OPEC Keeps Focus on Shale Threat as Officials Meet in Viennaby , , and
Delegates meet to discuss state of international oil market
IHS, Mark Papa give presentations on U.S. oil industry
OPEC officials gathering in Vienna on Friday to prepare for next week’s ministerial meeting kept their focus on rising U.S. shale oil production, which has been diluting the price impact of their production cuts.
National representatives from the Organization of Petroleum Exporting Countries and officials from several non-members heard a presentation on the outlook for the U.S. industry from Roger Diwan, a Washington-based analyst at IHS Markit Ltd., according to delegates familiar with the matter. Mark Papa, a partner at private equity firm Riverstone Holdings LLC and former boss of shale pioneer EOG Resources Inc., also spoke to the group, delegates said.
Officials at the meeting were relieved that the two outside consultants had estimates for growth in average U.S. crude output of 450,000 to 500,000 barrels a day this year, lower than the 562,000 barrel-a-day forecast from OPEC’s own analysts, said two delegates.
The emphasis on U.S. production underscores the dilemma for OPEC and its allies as they consider whether to extend their cuts beyond June. The producers, who together account for about half the world’s oil supply, have seen the initial price boost from their historic agreement fade as shale companies deployed more rigs and raised the country’s output to the highest since 2015. That recovery could accelerate if they decide on May 25 to prolong the curbs.
IHS’s Diwan presented an estimate that U.S. output this year will be about 500,000 barrels a day higher on average than in 2016, the delegates said, asking not to be identified because the meeting was private. That still means that production at the end of 2017 will be 700,000 to 1 million barrels a day higher than at the start, the delegates said.
That compares with a supply reduction of 1.2 million barrels a day from October levels implemented by OPEC, plus a cut of less than 400,000 barrels a day from non-members.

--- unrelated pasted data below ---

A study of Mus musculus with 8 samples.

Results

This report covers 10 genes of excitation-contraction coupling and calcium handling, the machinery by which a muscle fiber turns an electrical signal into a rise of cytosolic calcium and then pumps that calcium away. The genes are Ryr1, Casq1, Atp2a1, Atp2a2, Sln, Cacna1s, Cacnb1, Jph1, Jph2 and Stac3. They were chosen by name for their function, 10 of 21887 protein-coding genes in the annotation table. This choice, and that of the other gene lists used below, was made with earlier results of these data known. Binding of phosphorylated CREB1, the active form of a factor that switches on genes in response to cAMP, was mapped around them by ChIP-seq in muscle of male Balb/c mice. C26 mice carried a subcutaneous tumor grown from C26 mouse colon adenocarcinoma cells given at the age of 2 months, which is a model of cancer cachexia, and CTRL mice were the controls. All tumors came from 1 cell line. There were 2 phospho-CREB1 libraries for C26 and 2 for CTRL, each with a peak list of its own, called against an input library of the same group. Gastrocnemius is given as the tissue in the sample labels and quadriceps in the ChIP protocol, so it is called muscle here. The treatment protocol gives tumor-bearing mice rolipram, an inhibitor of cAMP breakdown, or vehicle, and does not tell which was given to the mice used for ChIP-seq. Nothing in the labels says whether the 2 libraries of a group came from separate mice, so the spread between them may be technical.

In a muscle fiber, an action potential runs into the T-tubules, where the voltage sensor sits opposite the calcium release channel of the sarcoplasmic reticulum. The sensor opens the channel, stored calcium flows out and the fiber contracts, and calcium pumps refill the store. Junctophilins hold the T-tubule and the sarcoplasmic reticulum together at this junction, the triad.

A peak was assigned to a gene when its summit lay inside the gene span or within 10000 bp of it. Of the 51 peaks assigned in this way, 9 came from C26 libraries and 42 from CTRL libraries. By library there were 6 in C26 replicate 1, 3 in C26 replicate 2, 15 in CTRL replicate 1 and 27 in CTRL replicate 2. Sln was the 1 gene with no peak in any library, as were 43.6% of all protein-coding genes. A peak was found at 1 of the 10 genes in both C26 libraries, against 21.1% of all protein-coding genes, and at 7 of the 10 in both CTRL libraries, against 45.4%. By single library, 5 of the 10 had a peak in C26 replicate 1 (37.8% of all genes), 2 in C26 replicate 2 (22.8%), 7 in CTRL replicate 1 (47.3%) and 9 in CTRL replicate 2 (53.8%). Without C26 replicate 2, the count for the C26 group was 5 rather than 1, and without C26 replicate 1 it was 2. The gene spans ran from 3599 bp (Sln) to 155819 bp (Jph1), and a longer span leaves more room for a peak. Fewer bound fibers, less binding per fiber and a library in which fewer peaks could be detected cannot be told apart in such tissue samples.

Papa, who helped create the shale industry more than a decade ago, estimated that average U.S. output would be 450,000 barrels a day higher this year, the delegates said.
OPEC is widely expected to prolong its supply curbs, and all producers are backing a nine-month extension, Saudi Arabia Oil Minister Khalid Al-Falih said Saturday.
“We think we have everybody on board,” Al-Falih said in an interview with Bloomberg television in Riyadh. “Everybody I’ve talked to indicated that nine months was a wise decision.”
OPEC’s Economic Commission Board, a panel of representatives from member countries that meets to discuss the market before every ministerial meeting, considered the implications of various scenarios including extended production cuts, deeper supply reductions and the expiry of the curbs in June, the delegates said. Officials in Vienna didn’t recommend a specific course of action, the delegates said.
Out of these three choices, an extension is most likely, analysts from Bank of America Merrill Lynch said in a note to clients.
“If OPEC cuts production even more, it will likely lose additional market share to U.S. shale and prices may not move up much more,” the bank said. “Conversely, if OPEC hikes output, oil prices could collapse to $35 a barrel, setting the cartel on an even more difficult fiscal path. In our view, most OPEC members cannot afford either scenario at this point.”